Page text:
09 Oct

Tweet Sending Vulnerability in TwitterCart

In not the best sign of the security of WordPress plugins, we have repeatedly found other vulnerabilities while looking into possible vulnerabilities through proactive monitoring of changes made to plugins to try to catch serious vulnerabilities. That was the case with the plugin TwitterCart.

In the function simple_tweet() we noticed code that could possible allow for an arbitrary file upload vulnerability (in the file /includes/twitter.php):

 
move_uploaded_file($_FILES['file']['tmp_name'], $path);

We traced back how the code could be accessed and it looked like anyone could access it. But when we tried to exploit the vulnerability we found that the file wasn’t being saved to the filesystem. The reason for that turned out to be that several lines later in the code the file would be removed:


So unless you could cause an error to occur before that happens the file would be uploaded and almost immediately removed. You might be able to request the uploaded file before it could be removed. That might qualify this issue as a possible vulnerability.

But there seemed to be a more serious issue in the plugin based on where the upload code was located. The function simple_tweet() sends out a tweet, so that seemed to indicate that anyone could also send a tweet from the websites Twitter account through the plugin, which we then confirmed.

There were several security issues at play that caused this. First the plugin allowed even those not logged in to access another function tc_new_tweet() through WordPress’ AJAX functionality (in the file /includes/actions.php):

add_action('wp_ajax_nopriv_tc_new_tweet', 'tc_new_tweet');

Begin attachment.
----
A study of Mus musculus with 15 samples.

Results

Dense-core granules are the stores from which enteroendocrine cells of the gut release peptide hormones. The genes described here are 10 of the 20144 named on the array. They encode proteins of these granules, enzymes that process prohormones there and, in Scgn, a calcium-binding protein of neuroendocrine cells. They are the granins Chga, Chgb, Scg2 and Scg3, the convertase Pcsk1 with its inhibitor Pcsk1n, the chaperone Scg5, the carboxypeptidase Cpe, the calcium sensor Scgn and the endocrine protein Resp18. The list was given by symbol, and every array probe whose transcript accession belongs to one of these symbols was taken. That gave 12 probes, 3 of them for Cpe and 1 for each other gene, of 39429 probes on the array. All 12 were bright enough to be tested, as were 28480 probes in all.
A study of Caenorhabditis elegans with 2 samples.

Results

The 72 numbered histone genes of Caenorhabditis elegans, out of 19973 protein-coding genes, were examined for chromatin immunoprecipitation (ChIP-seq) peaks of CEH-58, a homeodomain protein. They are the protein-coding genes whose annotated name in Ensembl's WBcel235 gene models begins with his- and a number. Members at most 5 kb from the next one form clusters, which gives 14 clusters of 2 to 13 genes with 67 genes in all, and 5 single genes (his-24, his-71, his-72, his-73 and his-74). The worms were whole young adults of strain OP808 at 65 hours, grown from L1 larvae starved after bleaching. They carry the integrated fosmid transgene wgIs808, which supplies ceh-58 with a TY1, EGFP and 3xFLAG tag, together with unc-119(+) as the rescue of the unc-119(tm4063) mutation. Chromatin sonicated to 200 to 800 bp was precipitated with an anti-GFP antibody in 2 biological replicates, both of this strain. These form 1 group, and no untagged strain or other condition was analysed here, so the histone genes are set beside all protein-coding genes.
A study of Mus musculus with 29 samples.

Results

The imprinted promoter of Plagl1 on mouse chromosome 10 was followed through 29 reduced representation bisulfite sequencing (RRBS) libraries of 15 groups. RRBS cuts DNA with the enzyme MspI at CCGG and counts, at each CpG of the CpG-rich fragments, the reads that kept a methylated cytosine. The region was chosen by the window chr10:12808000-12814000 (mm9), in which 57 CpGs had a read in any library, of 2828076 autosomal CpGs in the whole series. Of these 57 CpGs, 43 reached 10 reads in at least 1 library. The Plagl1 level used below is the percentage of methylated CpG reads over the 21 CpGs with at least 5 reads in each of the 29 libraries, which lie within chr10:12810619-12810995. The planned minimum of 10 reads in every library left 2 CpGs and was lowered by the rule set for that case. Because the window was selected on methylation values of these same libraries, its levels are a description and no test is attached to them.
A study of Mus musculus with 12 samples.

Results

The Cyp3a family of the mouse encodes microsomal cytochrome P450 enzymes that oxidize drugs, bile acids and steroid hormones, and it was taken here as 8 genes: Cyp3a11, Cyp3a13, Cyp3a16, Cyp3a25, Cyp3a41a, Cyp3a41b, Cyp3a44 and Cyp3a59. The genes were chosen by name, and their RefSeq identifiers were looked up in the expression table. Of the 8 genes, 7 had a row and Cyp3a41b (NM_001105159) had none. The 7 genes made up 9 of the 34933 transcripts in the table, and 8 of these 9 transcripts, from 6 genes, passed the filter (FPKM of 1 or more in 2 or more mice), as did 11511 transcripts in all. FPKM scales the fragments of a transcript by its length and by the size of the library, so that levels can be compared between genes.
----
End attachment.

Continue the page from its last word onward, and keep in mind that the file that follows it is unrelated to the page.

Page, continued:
That function called the simple_tweet() function without doing a capabilities check to make sure the attempt to send is from someone that should be able to do that or check for a valid nonce to prevent cross-site request forgery (CSRF), which could allow an attacker to cause someone that should be able to send a tweet to send one they didn’t intended to (in the file /includes/functions.php):

{
    require_once TC_PLUGIN_PATH . 'includes/twitter.php';
    simple_tweet($_POST['msg']);

There were quite a few other AJAX accessible functions that were similarly not secured.

After we notified the developer they released version 2.1, which fixes this vulnerability by removing the code shown above and most of the other AJAX accessible code. For the remaining code things were not fully fixed up. As functions that look like are only intended to be accessed by those logged in are still accessible to those not logged in and there isn’t a capabilities check, but there is protection against CSRF added, which would limit any abuse of those other two items.

Proof of Concept

The following proof of concept will send out a tweet from the website.

Make sure to replace “[path to WordPress]” with the location of WordPress.

<html>
<body>
<form action="https://[path to WordPress]/wp-admin/admin-ajax.php" method="POST">
<input type="hidden" name="action" value="tc_new_tweet" />
<input type="hidden" name="msg" value="Testing to see if plugin allows anyone to send out tweets through a website." />
<input type="submit" name="submit" value="Submit" />
</form>
</body>
</html>

Timeline

  • October 2, 2017 – Developer notified.
  • October 2, 2017 – Developer responds.
  • October 7, 2017 – Version 2.1 released, which fixes vulnerability.